A United Nations independent expert today urged the Government of Benin to make child protection a priority in its agenda, following a visit to the country which revealed that violence and exploitation of children is of serious concern.
“It is unacceptable that so many – too many – children in Benin are victims of violence, abuse or exploitation on the pretext of traditions, customs or poverty,” said Special Rapporteur on the sale of children, Najat Maalla M’jid.
“The phenomenon of ‘vidomegon’ children, which was traditionally a practice of foster placement, has been diverted for the purpose of exploitation and profits. Numerous children are victims of sale or trafficking, labour or sexual exploitation, mainly in markets, quarries or fields.”
Ms. Maalla M’jid expressed alarm at the high number of child victims of multiple forms of violence and abuse: infanticide of children considered to be ‘sorcerers’, female genital mutilations, abductions for placement in ‘voodoo convents’, forced marriages, corporal punishment and rapes.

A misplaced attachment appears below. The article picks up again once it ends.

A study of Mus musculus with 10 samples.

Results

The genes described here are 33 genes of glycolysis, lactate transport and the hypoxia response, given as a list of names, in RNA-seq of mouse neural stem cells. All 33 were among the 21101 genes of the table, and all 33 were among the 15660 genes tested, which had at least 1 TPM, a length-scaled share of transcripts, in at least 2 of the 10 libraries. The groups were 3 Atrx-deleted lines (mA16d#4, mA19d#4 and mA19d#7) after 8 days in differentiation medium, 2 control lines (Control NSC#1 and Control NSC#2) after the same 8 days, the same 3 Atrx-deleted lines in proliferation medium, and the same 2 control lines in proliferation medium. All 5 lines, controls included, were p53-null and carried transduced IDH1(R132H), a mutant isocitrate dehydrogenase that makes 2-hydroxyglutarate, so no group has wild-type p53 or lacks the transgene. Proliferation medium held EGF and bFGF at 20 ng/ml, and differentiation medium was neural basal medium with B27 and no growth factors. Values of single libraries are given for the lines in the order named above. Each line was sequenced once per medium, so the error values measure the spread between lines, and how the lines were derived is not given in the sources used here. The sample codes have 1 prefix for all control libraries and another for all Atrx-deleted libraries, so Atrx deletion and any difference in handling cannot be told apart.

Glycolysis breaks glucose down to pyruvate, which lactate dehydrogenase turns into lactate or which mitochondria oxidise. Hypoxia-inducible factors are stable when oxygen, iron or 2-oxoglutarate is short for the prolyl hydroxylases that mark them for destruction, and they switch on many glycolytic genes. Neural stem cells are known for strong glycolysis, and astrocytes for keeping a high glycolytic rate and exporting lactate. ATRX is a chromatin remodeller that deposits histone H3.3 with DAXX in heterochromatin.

“Although the real scale of these phenomena remains difficult to determine due to the low reporting rates and amicable settlements, there is clearly an alarming number of incidents of violence and economic and/or sexual exploitation suffered in particular by girls,” she stressed.
“Schools are supposed to be an environment where children can feel safe – not places where girls are abused with total impunity,” she said.
During her 10-day mission in Benin, Ms. Maalla M’jid met with various State and local authorities, UN entities, the diplomatic community and civil society representatives. She visited programmes devoted to child protection in Cotonou, Abomey-Calavi, Porto Novo, Abomey-Calavi, Comè, Lokossa and Applahoué. She also met child victims and youth organizations.
Although Benin has a relatively complete legal framework regarding child protection, it suffers from a lack of implementation. This is partly due to a lack of access to justice mechanisms, and to corruption and impunity. Amicable settlements at the community level occur at the expenses of the child’s best interest and the child’s voice is rarely, if ever, taken into account.
Ms. Maalla M’jid insisted on the necessity to switch from a “project logic” to a comprehensive child protection strategy. She recommended creating local protection mechanisms that are easily accessible to all children, with adequate human and financial resources. She also encouraged the international community to support the establishment of this strategy to effectively combat all forms of violence, abuse and exploitation of children.